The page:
Okay, okay, by 'belated' I mean 'behind by exactly one week'. So this is the post I should have done between last Tuesday and today. I don't have much of a defense, so I won't even try to make one. Sorry, Dr. Brewton! I'll try harder.
Now, for my thoughts about his talk last Tuesday, such as they are...
He went through the five values of the Honors Program, which are (1) creativity (2) integrity (3) curiosity (4) achievement (5) service.
(1) Creativity is a good one, no matter how it is interpreted. I suppose you could say I am good at creativity. I will try not to bore you with details of my mad hobbies, but I do draw and write extensively. I suppose that counts as creativity. How creative I will be in my approach to schoolwork remains to be seen, however. I still haven't come up with a topic for my narrative essay that is due next Tuesday, and that's terrible for me. The only thing I can come up with was how our pony dumped my sister into a water puddle years ago...
(2) Integrity is a much-talked-about but nevertheless much-valued value. (Yes, I know that was redundant.) Dr. Brewton mentioned how integrity meant keeping promises, how it meant being a person of character, how it meant having a mission every day to be that person of character. Now here was where I began to think of a number of things, and here on this blog is where I get to wax lyrical about the quotes from books it made me think of... Please pardon a bibliophile her selection in authors...
First, for the promises part. It made me think immediately of a line in the Prologue of the Lord of the Rings (best book of the millenium, by the way) that runs thusly: "The Authorities, it is ture, differ whether this last question was a mere 'question' and not a 'riddle' according to the strict rules of the Game; but all agree that, after accepting it and trying to guess the answer, Gollum was bound by his promise. And Bilbo pressed him to keep his word; for the thought came to him that this slimy creature might prove false, even though such promises were held sacred, and of old all but the wickedest things feared to break them." That line just sticks with me. 'Promises were held sacred.' That pretty much sums up for me how I feel about promises.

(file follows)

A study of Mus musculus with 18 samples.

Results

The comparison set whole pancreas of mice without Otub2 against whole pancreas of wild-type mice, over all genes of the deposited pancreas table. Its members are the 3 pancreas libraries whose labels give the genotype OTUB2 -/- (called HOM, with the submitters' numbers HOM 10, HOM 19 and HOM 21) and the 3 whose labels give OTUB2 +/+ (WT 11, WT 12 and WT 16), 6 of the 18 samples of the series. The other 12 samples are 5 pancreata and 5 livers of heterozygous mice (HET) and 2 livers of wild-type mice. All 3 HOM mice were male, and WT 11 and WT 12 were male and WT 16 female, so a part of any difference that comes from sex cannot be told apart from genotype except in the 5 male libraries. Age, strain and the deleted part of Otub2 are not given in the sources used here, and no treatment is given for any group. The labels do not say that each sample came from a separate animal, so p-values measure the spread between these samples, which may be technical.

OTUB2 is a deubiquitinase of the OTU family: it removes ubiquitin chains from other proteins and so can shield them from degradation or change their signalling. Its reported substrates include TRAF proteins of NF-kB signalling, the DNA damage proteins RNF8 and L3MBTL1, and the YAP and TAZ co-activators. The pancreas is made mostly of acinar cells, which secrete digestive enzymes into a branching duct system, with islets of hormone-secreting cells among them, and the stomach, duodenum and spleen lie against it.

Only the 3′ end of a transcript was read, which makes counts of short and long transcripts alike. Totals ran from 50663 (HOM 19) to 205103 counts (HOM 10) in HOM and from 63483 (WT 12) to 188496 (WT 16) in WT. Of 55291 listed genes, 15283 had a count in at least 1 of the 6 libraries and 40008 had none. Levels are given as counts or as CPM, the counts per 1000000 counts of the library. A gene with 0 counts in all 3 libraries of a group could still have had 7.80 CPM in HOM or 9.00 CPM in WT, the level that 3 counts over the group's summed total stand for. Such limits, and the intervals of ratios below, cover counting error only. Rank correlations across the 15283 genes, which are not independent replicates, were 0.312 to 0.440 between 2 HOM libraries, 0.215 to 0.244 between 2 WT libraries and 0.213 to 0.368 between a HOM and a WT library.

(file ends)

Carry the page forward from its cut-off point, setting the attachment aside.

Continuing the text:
Okay. Now for being a person of character. I once read a book entitled 'George Washington and Benedict Arnold - A Tale of Two Patriots' by Dave R. Palmer, which followed the two throughout their life, from their similar origins to their dissimilar fates. It was quite an eye-opener actually... a sort of 'There but for the grace of God go I...' moment. The book ended by asking why they took such dissimilar paths: "The easy answer is to say that one had strength of character while the other did not. But what exactly does that mean? What is character? And how did it shape so extraordinary an outcome?" The book mentions that Major General Joshua Chamberlain called character 'a firm and seasoned substance of the soul', and that the Greeks reduced it to the sum of four virtues: fortitude, temperance, prudence, and justice. That investigation into the essence of character is always what I think of when I hear the words 'a person of character'.
As for having a mission every day (leave it to me to seize on the tiniest little phrases), that prompted my mind to spring immediately to a line from G. K. Chesterton's 'Orthodoxy': "But all conservatism is based upon the idea that if you leave things alone you leave them as they are. But you do not. If you leave a thing alone you leave it to a torrent of change. If you leave a white post alone it will soon be a black post. If you particularly want it to be white you must be always painting it again; that is, you must always be having a revolution. Briefly, if you want the old white post you must have a new white post. But this which is true even of inanimate things is in a quite special and terrible sense true of all human beings."
I really can't say it any better than that. If we want to have integrity, if we want to be people of character, we have to consciously choose and prove by our actions each and every day that we want to be people of character. That's all there is to it.
(3) Curiosity. My friend Audrey has called her blog 'Curiosity of a Lion', which is, I have to say, a far more creative name than Clueless Freshman, no matter how amusing the latter may be. I'm curious about weird sorts of things. I'm willing to talk tractors and car parts with my dad and regret that I can't remember it all. And talk about farming. I wish I could remember it all. I like looking up the meanings of words and the etymology of those words. I like finding out what names mean and why- what language they come from, that sort of thing. I have a linguistic curiosity. I hope that suffices. Which is why I love Latin!!! One of the greatest languages of all time. I love it.
Rident stolidi verba Latina!
(4) Achievement and (5) service. I don't have as much to say about these as I did about integrity. (Man, this is a long post!) At least I can say some things about service. Dr. Brewton made the comment about the Honors Program only being good or bad as we made it. That made me think of... no, I'm not going to drag another quotation in here. :) I'll spare you that. But I will mention that to sanctify a society, its members have to be saints. So in order for us to have a good Honors Program, we've got to be great Honors students! Nice, lovely challenge. And I have something else to say about service, and it's quite simple: Of those who have been given much, much shall be expected. We've got a long way to go.